On April 2, 2018, Colorado enacted a bill amending its non-compete statute to clarify that physicians may disclose their continuing practice and provide new contact information to any of their patients with “rare disorders.”
The NY Court of Appeals will consider whether home care attendants working 24-hour shifts employed by third-party agencies must be paid for every hour of their shift, with no deductions for meal or sleep periods.
A recent federal court decision has added to the confusion surrounding the application of the U.S. Department of Labor's "home care" overtime rule and New York's "13-hour" rule regarding compensable work hours for certain home care aides.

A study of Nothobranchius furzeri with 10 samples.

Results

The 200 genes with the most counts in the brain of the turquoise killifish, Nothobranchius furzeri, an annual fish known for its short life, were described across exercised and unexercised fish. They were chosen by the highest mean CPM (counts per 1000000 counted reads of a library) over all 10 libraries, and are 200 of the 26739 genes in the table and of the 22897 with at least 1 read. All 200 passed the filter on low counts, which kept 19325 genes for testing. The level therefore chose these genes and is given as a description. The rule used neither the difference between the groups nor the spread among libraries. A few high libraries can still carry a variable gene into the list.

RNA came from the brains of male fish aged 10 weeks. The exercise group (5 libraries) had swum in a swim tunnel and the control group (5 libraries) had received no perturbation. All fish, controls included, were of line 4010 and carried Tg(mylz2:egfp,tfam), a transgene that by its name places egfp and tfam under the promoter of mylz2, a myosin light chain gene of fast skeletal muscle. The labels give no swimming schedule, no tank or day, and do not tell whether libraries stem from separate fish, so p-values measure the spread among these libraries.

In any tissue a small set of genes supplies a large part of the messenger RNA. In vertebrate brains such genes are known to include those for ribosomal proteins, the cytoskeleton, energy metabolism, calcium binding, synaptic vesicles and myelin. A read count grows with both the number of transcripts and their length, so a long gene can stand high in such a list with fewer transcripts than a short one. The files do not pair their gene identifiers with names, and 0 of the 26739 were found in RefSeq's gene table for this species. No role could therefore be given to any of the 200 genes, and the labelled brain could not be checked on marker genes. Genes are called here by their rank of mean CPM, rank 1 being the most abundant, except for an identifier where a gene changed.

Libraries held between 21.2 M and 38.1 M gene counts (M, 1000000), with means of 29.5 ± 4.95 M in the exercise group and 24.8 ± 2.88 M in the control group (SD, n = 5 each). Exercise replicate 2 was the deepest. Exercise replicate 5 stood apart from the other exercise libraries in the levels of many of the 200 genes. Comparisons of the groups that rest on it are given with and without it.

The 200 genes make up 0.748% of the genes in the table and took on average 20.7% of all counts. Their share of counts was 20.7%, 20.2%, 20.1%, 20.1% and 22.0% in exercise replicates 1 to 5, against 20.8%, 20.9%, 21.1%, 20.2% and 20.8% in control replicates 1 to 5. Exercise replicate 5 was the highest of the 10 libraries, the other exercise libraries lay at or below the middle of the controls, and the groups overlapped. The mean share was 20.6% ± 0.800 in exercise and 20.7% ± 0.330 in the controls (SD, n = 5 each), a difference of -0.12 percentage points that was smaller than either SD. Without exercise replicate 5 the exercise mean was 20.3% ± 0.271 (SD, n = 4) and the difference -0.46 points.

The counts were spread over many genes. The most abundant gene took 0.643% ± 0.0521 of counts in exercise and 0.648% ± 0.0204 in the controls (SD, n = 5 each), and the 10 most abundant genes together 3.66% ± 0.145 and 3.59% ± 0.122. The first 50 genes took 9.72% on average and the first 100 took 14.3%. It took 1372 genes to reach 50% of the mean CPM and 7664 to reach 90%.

On October 25, 2017, the NYDOL published a Notice entitled “Home Care Aide Hours Worked” explaining why it considered an emergency regulation necessary for the “preservation of public health, public safety and general welfare.”
The NY DOL will soon publish a statement explaining why the issuance of an emergency regulation clarifying that meal and rest periods may be excluded from hours worked by home care aides who work a shift of 24 hours or more is necessary.
The NY DOL issued an amendment to a Wage Order to clarify that bona fide meal periods and sleep times may be excluded from hours worked by home care aides who work a shift of 24 hours or more in accordance with federal FLSA regulations.
A pair of New York state appellate decisions has serious implications for employers that offer 24-hour home care for clients by ruling that sleep and meal periods must be included in the hourly wages of home care attendants.